Current And Emerging Insights On Treating Diabetic Peripheral Neuropathy
- Volume 26 - Issue 3 - March 2013
- 10221 reads
- 0 comments
Instrumentation is also of importance. Bipolar cautery and at least 3.5x loupe magnification is mandatory. One must also realize the importance of exploring all possible areas of potential compression during any surgery. It is also important never to immobilize the foot or leg after surgery as this can lead to scar entrapment and fibrosis. Now with the advent of new tissue grafts, we will often utilize amniotic based products such as Amniocare™ (Applied Biologics) to avoid any scarring and enhance healing. When necessary, one must be able to perform an internal neurolysis if there is damage to the fascicles. However, in general, it is best to avoid handling of any nerve as much as possible.
Once the surgery is complete, it is important to get the patient ambulating as soon as possible in order to avoid adhesions and excessive scarring to the decompressed nerve. In general, our success rate is around 85 percent for most of the nerves in the lower extremity.
What You Should Know About Pharmacological Treatment Options
Utilizing topical custom pharmaceuticals plays an important role in the management of neuropathy and newer delivery vehicles are helping get the medication to the specific area needing treatment. Non-steroidal anti-inflammatory drugs (NSAIDs) are widely used in the treatment of pain associated with a variety of indications, including arthritic conditions, but their usefulness is often limited by dose-dependent adverse events, such as gastrointestinal disturbances, cardiovascular events and renal toxicity. Topical formulations offer the potential to deliver analgesic concentrations locally at the site of inflammation while minimizing systemic concentrations, which lowers that risk of side effects.15
The most commonly used topical medications in the treatment of neuropathy are: gabapentin (Neurontin, Pfizer) ketamine, cyclobenzaprine (Flexeril), amitriptyline (Elavil, Pfizer), fluribiprofen (Ansaid, Pfizer) and ketoprofen (Orudis) along with a local anesthetic such as lidocaine or prilocaine.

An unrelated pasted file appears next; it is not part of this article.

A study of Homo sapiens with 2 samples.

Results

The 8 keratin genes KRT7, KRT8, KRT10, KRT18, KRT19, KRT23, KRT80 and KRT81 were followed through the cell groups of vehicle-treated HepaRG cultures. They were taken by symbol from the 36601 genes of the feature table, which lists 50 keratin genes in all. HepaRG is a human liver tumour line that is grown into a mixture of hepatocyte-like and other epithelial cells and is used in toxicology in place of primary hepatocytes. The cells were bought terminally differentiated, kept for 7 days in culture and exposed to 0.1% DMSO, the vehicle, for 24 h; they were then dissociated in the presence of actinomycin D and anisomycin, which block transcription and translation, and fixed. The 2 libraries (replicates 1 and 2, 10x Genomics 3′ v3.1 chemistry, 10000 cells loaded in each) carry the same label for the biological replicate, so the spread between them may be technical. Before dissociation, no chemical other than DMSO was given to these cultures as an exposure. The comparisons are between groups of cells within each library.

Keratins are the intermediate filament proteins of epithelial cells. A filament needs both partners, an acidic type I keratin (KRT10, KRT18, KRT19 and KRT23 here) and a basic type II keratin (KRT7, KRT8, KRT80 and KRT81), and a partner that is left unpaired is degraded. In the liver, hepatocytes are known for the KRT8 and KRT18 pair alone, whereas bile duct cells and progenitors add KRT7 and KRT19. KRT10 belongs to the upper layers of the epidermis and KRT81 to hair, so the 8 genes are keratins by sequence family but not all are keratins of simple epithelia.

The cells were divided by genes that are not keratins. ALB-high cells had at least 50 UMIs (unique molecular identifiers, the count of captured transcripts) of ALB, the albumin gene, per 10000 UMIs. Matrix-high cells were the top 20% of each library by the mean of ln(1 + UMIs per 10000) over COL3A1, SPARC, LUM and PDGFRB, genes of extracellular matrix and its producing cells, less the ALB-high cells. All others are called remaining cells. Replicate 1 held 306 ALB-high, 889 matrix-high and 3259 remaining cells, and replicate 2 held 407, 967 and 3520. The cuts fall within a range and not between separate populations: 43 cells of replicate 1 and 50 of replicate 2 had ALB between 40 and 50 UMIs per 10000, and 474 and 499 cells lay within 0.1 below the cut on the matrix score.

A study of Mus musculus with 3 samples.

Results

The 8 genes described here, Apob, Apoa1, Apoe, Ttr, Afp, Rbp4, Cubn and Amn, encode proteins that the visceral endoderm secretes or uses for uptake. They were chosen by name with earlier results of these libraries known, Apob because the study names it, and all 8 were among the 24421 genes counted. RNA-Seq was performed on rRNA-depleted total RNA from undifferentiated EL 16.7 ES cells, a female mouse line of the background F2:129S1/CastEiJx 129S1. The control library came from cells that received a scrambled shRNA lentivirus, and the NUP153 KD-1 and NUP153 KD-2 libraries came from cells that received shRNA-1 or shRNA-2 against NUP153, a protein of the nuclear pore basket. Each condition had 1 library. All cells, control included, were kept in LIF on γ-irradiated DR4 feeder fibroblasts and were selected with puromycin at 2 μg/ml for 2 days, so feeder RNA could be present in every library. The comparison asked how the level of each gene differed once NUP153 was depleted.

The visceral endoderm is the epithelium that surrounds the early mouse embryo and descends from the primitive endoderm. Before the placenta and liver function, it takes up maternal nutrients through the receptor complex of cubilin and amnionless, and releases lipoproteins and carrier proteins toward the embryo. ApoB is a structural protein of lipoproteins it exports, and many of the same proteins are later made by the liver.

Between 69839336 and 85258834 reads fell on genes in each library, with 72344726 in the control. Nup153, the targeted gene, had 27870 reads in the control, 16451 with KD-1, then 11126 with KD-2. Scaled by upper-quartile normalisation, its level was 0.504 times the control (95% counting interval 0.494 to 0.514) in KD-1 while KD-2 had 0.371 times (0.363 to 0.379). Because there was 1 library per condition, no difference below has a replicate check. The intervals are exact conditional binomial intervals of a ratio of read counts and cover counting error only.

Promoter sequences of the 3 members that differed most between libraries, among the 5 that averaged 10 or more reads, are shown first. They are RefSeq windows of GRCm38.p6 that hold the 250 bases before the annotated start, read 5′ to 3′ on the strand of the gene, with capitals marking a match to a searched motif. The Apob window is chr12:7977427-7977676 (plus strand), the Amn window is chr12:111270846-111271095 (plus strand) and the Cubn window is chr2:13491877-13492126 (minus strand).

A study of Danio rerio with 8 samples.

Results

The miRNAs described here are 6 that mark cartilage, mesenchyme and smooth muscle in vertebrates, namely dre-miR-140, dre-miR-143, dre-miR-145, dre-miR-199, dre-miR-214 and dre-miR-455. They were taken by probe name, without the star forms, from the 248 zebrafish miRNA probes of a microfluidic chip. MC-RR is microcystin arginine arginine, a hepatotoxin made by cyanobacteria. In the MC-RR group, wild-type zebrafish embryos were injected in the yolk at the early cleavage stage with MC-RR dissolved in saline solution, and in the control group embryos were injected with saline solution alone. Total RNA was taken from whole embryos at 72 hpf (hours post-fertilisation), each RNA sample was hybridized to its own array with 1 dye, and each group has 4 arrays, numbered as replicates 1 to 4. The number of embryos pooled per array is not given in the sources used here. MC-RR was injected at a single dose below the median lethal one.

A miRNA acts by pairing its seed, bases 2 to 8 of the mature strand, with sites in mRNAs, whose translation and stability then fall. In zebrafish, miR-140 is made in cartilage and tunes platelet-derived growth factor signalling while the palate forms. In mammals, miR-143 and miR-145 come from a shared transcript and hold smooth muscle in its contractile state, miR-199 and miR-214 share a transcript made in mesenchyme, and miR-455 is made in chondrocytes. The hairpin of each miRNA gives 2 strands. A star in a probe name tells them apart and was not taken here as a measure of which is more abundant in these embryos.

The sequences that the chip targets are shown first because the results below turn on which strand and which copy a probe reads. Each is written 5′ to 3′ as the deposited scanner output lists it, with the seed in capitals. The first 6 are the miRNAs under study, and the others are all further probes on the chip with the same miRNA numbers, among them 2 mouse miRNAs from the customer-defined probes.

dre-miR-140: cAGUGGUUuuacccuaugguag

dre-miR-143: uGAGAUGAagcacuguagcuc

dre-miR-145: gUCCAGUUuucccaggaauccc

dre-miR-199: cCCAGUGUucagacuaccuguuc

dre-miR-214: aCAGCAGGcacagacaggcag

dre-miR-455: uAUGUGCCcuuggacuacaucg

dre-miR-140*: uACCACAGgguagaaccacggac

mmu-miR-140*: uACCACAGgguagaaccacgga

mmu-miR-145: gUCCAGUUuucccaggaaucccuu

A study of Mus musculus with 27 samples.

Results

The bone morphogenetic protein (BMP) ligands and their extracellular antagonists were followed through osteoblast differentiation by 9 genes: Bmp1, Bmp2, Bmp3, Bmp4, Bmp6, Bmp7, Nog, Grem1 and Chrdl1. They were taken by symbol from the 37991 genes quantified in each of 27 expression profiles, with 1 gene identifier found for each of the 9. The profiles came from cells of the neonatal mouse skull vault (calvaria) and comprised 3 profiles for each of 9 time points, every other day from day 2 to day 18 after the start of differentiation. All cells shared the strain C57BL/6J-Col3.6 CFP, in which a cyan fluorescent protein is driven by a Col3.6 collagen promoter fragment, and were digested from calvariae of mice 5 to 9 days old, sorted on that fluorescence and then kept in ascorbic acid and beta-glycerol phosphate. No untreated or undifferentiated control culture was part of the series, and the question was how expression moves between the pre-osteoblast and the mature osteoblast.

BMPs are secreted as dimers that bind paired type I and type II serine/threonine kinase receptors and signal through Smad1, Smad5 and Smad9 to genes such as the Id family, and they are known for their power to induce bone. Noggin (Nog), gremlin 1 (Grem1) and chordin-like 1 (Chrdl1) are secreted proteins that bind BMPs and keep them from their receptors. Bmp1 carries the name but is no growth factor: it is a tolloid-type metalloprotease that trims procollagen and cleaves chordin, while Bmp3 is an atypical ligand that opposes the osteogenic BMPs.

Oral medications can play an important role in the successful treatment of diabetic peripheral neuropathy but are not a cure. We have been inundated by pharmaceutical reps who have extolled the virtues of their particular company’s drug for the treatment of neuropathy. We are told this is the latest and greatest “super pill.” We can all think of a few drugs that we have tried and had high hopes for but ultimately they just made money for the companies without really helping our patients. Before initiating any pharmacologic protocol for your patients, you need to assess them properly, make sure you properly prescribe the drug and monitor its use.
The lead author has seen many patients who are taking gabapentin but not taking it properly. It is a very safe drug and can work well when one administers it properly. Be sure to titrate the drug very slowly. One can give it safely in doses up to 3,200 mg/day or more. The lead author sees too many people taking less than 900 mg a day and they have no relief of symptoms. Then they think the drug does not work. Also, some of them have taken the drug improperly, taking too much too soon and subsequently giving up on the drug because “it did not work.”